Society’s Cudgels vs. Moral Values

People kneel in exhaustion
From a burden
Borne too long
People kneel in reverence
Calling a nation
To right it’s wrongs

I challenge people to see kneeling as an act of reverence for the people suffering due to failure of the nation to meet the standards of liberty and justice for all. It can be a deeper act of respect for the nation and it’s highest credal values than patriotism that is narrowly defined as obedience to traditional social norms.

All Americans have the right to criticize our nation and to call attention to the need for a reckoning with the values and commitment to the freedoms defined in our constitution.

If you are more upset by an act of conscious that conflicts with your social norms than the injustice those acts are calling attention to, your attitude is part of the problem. Your outrage highlights the psychological distance between creating liberty for all and compelling compliance with socially normative behavior.

Socially normative behavior has given us a nation quietly at ease for decades with the new Jim Crow that replaced the old Jim Crow that replaced racial segregation that replaced slavery. This quiet ease of a comfortable life is insulated by myths that provide explanations of injustice and suffering so that one doesn’t have to discomfort oneself by thinking to hard. We have a culture that dissuades the comfortable from deep exploration of the dark aspects of our society. People push back hard against others in their social circles getting too much spirit in their veins about righting these wrongs or even discussing them “in polite society.”

Our society has only ever had a veil of politeness.

No one ever said to me, “in compassionate society we do x.”

No one ever said to me “that’s not compassionate.”

They said “It’s not nice to make a fuss. You should be nice. Don’t be impolite.”

Then I went to war. Politeness didn’t mean anything anymore. I saw real injustice and real suffering and had to face the systems that led to these outcomes from within those systems. I saw how traditions and ritual gave people means to prevent deep introspection and moral reckoning. Ritual and tradition lubricate the systems that perpetuate injustice and suffering just as they lubricate the necessary social interactions and civil interactions in a society. Ritual and tradition are indiscriminate. People provide the meaning, or the lack of it. I began to resent indiscriminate adherence to ritual and tradition. I especially resented it in those who never served but who draped themselves in a shroud of flag worship and loudly proclaimed patriotism that willfully ignored facts and actual events.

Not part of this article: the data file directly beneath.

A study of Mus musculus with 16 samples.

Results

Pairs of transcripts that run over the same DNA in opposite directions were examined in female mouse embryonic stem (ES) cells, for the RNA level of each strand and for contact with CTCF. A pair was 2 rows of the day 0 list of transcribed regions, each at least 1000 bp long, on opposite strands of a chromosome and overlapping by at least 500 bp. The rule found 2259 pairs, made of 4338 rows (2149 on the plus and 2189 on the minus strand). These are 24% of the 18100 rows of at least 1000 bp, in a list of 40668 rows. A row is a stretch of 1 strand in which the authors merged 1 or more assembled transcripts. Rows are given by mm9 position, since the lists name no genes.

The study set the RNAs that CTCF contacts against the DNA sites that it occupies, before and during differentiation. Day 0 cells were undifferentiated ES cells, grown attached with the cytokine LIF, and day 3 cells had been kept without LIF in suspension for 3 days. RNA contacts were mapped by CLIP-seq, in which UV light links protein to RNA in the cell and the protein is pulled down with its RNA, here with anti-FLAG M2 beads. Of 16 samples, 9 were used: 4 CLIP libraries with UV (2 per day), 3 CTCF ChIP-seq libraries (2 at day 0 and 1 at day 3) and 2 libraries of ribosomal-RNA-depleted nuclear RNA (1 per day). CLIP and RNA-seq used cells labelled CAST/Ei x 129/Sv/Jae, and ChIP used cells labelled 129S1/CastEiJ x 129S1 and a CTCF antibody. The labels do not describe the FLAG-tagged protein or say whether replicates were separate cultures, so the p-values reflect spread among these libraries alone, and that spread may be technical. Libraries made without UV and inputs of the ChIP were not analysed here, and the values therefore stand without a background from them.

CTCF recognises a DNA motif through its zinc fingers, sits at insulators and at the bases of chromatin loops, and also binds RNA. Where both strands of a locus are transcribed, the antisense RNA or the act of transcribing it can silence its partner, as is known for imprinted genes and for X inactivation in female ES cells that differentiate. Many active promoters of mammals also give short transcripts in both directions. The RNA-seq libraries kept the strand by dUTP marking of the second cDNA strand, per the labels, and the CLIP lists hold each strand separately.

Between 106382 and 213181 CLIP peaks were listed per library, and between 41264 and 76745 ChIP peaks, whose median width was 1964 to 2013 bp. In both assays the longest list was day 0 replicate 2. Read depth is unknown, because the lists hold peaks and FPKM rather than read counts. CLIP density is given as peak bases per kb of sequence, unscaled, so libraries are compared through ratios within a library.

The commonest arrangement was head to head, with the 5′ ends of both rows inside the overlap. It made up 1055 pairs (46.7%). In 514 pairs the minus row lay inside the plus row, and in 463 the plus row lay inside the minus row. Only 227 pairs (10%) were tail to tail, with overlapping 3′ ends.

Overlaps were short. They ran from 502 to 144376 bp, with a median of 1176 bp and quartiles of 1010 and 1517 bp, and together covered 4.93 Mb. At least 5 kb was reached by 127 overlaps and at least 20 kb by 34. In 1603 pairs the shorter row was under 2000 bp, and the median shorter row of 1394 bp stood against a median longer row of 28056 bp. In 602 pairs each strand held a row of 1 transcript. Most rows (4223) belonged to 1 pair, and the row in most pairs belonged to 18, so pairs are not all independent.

I never had the moral courage to make a public display of that conflict. So I admire those who do. Their actions forced me to more fully confront my own attitudes.

Social compliance to traditional norms are used as cudgels to control people—to prevent social disruption, the essential factor for social change and progress. While that can be necessary, when it becomes toxic, when the impulse is to revert to social attitudes and behaviors that deemed disastrously immoral decades ago, we have a moral duty to question our own complicity in the perpetuation of these efforts.

If we continue stand for something that is actively harming others, perhaps we should consider what purposes kneeling might serve. Humbling ourselves in reverence for the lives taken and families terrorized by improperly aggressive, improperly targeted, often intentionally racist, and tactically poor techniques of policing is not an act of disrespect. Is is an act of disruption—intentionally so. It forces a confrontation between learned rituals of respect with actual facts and actual events in the world. Our psychological impulse is to lash out at the confrontational act—which is the point of the act. Then, after reflection, the overreaction raises questions, forces investigation, forces comparisons between the act and the issue.

What is more patriotic, a conditioned behavior toward a symbol of our nation, or a lived dedication to the highest values of that actual nation and it’s living people, combined with a dutiful knowledge of its full history and how that history is carried into every aspect of our collective social lives today?

An easy patriotism of learned behaviors and social compliance will not make this nation well and whole. It may even contribute to division and sickness.

Some will take a knee. Others may work to register voters. Others may fight to reform criminal justice systems, help addicts, feed the hungry, house the homeless, educate our children, care for our families and neighbors.

Some acts will be symbolic, some will be practical. We should look to the deeper values, the deeper stories at play, rather than the manufactured narratives that give us a side to pick instead of values to explore.

Do the work of citizenship. Learn the history, wrestle with the deep values of our constitution, and be a bit more fully conscious about your own response to traditions and traditional narratives. Consider what can sustain and build on our progress to the full flourishing of those values, and what holds us back.

I also see the kneeling as a sign of moral exhaustion. Why do those who suffer have to always be those who do the moral, social, and intellectual work of challenging, educating, and making others comfortable?

When I see these men taking a knee, I hear a call to action. It’s time for me to take up the burden they have born for far to long. It’s time for me to use my capabilities to live the values that were much repeated but often not modeled. It’s time for me to do the damned hard, urgent, necessary work.